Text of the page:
VR breaks ground on new visitor's center

Writer: Ken Denney

Published July 20, 2017
Times-Georgian

Villa Rica broke ground Monday for the renovation of a former gas station into a new visitor's center, the first project of a master plan to upgrade downtown into tourist-friendly area.

A host of officials, including state legislators and tourism officials, were on hand for the ceremony, which took place at the former Butterball's Auto and Repairs building, 121 W. Bankhead Highway. The former service station, which dates back to the 1930s, will be renovated for the project which will also include a neighboring duplex.

The building has long been considered an eyesore in downtown, but city officials hope that its renovation will help lead the way in further transformations, making the downtown area more appealing to residents and visitors alike.

The facility will serve as a combination welcome and visitor's center for the city, which was designated last December as a Regional Visitor Information Center by the state Department of Economic Development.

But it will also serve other uses, including a meeting and conference center and will host at least two start-up businesses, providing retail space for companies that are just getting off the ground.

However, it was the importance of the building's role in promoting tourism to Villa Rica and the rest of west Georgia that was the focus of the remarks made during the ceremony.

"It's important that we understand our role in the state as far as an economic engine," Christopher Pike, director of Downtown Development and Tourism, told the crowd. "As I always tell people, tourism isn't about going and visiting places; tourism is about economic development and job creation. When you look at it, and approach it in that manner, you understand the benefit of investing in tourism."

He said that the visitor center was an example of that investment.

As he and other speakers addressed the crowd, passing vehicles often drowned out their words. But many of the speakers remarked that the traffic was an indicator of the commerce that powers Villa Rica's economy; commerce that is expected to increase as the city continues to grow.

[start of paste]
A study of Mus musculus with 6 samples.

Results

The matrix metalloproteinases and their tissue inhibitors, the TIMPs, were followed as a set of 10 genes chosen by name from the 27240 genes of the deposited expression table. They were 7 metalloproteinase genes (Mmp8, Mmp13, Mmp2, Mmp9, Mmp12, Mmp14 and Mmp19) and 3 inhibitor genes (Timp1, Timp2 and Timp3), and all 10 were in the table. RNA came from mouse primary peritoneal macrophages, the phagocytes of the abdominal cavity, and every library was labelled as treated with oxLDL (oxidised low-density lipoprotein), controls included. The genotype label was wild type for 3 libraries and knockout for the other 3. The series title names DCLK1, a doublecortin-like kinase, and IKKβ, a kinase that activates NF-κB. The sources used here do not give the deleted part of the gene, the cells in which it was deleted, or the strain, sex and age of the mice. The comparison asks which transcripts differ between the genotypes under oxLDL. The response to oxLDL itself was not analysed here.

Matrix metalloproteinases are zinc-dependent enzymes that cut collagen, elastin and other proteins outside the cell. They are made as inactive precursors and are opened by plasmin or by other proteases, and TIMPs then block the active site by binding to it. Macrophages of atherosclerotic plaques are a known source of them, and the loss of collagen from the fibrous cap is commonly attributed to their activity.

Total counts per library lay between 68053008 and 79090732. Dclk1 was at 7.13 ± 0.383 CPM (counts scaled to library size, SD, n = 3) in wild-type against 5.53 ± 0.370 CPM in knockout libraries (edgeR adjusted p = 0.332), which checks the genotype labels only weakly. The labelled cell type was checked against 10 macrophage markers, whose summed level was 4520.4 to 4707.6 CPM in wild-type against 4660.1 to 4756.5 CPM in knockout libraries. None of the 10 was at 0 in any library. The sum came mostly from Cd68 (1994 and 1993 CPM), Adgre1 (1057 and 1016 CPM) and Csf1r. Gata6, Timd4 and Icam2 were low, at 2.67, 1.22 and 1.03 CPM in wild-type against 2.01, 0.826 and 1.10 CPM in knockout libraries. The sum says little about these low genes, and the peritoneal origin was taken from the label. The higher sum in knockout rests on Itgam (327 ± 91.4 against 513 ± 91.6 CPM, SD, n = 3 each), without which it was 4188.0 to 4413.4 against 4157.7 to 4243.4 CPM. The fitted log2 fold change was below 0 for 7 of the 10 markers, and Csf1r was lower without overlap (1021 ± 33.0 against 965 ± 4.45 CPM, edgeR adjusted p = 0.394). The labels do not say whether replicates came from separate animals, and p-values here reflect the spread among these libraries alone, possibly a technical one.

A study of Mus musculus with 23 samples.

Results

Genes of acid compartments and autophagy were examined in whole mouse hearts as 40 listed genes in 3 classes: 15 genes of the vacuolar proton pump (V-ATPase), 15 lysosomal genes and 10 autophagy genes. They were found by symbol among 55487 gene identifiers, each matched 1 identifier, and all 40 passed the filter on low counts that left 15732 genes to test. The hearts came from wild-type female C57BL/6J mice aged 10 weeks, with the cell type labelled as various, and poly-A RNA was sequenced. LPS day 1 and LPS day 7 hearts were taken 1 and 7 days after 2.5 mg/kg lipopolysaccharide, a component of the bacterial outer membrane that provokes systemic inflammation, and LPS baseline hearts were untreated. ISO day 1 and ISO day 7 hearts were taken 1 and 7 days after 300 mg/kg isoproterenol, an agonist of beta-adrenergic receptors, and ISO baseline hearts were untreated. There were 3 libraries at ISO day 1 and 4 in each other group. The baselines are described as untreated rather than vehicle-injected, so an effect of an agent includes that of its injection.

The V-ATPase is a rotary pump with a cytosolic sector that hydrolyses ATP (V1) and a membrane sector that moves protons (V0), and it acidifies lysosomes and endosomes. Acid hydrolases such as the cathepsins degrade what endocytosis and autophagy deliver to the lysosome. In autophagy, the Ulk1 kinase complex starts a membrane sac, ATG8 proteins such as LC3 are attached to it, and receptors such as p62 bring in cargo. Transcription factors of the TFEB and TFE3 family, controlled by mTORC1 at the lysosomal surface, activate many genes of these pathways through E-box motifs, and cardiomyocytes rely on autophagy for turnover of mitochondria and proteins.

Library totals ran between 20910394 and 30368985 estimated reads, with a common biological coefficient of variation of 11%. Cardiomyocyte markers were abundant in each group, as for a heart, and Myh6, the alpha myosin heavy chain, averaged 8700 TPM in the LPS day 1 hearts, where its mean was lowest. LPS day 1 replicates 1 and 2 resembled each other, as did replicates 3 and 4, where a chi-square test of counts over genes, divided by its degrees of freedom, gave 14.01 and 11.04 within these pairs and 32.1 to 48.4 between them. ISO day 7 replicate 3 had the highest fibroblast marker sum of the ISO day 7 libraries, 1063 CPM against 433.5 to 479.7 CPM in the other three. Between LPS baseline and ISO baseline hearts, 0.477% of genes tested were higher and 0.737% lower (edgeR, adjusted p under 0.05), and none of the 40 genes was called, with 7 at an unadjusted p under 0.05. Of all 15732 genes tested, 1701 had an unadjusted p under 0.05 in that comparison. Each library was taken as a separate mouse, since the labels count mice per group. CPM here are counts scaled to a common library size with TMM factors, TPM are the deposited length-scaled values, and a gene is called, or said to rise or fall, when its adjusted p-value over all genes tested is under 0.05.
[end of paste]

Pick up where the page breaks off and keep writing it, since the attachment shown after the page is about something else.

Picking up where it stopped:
"I want some of that commerce to stop," said Mayor Jeff Reese. "I don't want them to drive through Villa Rica; I want them to stop in Villa Rica, and I want them to be able to eat at the restaurants and go to the stores next door."

The idea of transforming the old auto repair shop into a visitor's center originated with a study of the future of downtown development done by the University of Georgia's Carl Vinson Institute of Government and other agencies.

They developed a "master plan" designed to focus the expected growth of the city -- nearly 35,000 people by 2025 -- into the downtown area, and so avoid the kind of sprawl that neighboring fast-growing communities have experienced. They envisioned a downtown area that welcomes pedestrians while preserving the heritage and architecture of its existing buildings.

But city leaders also want to encourage tourists to visit the city -- and bring their tourism dollars.

In his remarks to the crowd, State Sen. Mike Dugan, R-Carrollton, chairman of the senate Committee on Economic Development and Tourism, noted that tourism put $61billion into the state economy last year, more than double the impact in 2012. Tourism, he added, supports 450,000 jobs in the state and brings in $3.2 billion in state and local taxes.

He said that tourists who come to the new visitor's center would do so because they want to know about the area's unique history, which dates back to the early 1820s as the site of one of the nation's first gold rushes.

"This is going to be a huge step to ensure that we can promote not just Villa Rica but this entire region, this entire part of the state," Dugan said.

State Rep. Micah Gravley, R-Douglasville, noted that Villa Rica has a "positive impact," not only on Douglas and Carroll counties, but beyond to Paulding County.

"You guys have continued to move the ball forward, " Gravley said. "But you've not forgotten one integral part: you haven't lost the integrity of the downtown community. You haven't compromised the character of the downtown community."

The renovated garage will look much as it did in the mid 1930s, when it was one of the first gas stations established on the Bankhead Highway. However, the repair bays will be decorative only; they will be filled by retail spaces that will be available to start-up companies that cannot yet afford their own brick and mortar spaces.

In addition, the visitor's center will include a duplex that is already on the property, as well as additional parking spaces.

Pike told those attending the ceremony that it was hoped that the renovation of the building would spur neighboring property owners to convert their properties into retail stores and restaurants.

The plan for the visitor center was launched during the mayoral administration of J. Collins, who now represents House District 68.

"Its just so nice to see a culmination of all these efforts and the culmination of the work that has been done by so many over the generations to make downtown Villa Rica what it is and what it's going to be," Collins told the crowd. "I think that's our story more than anything."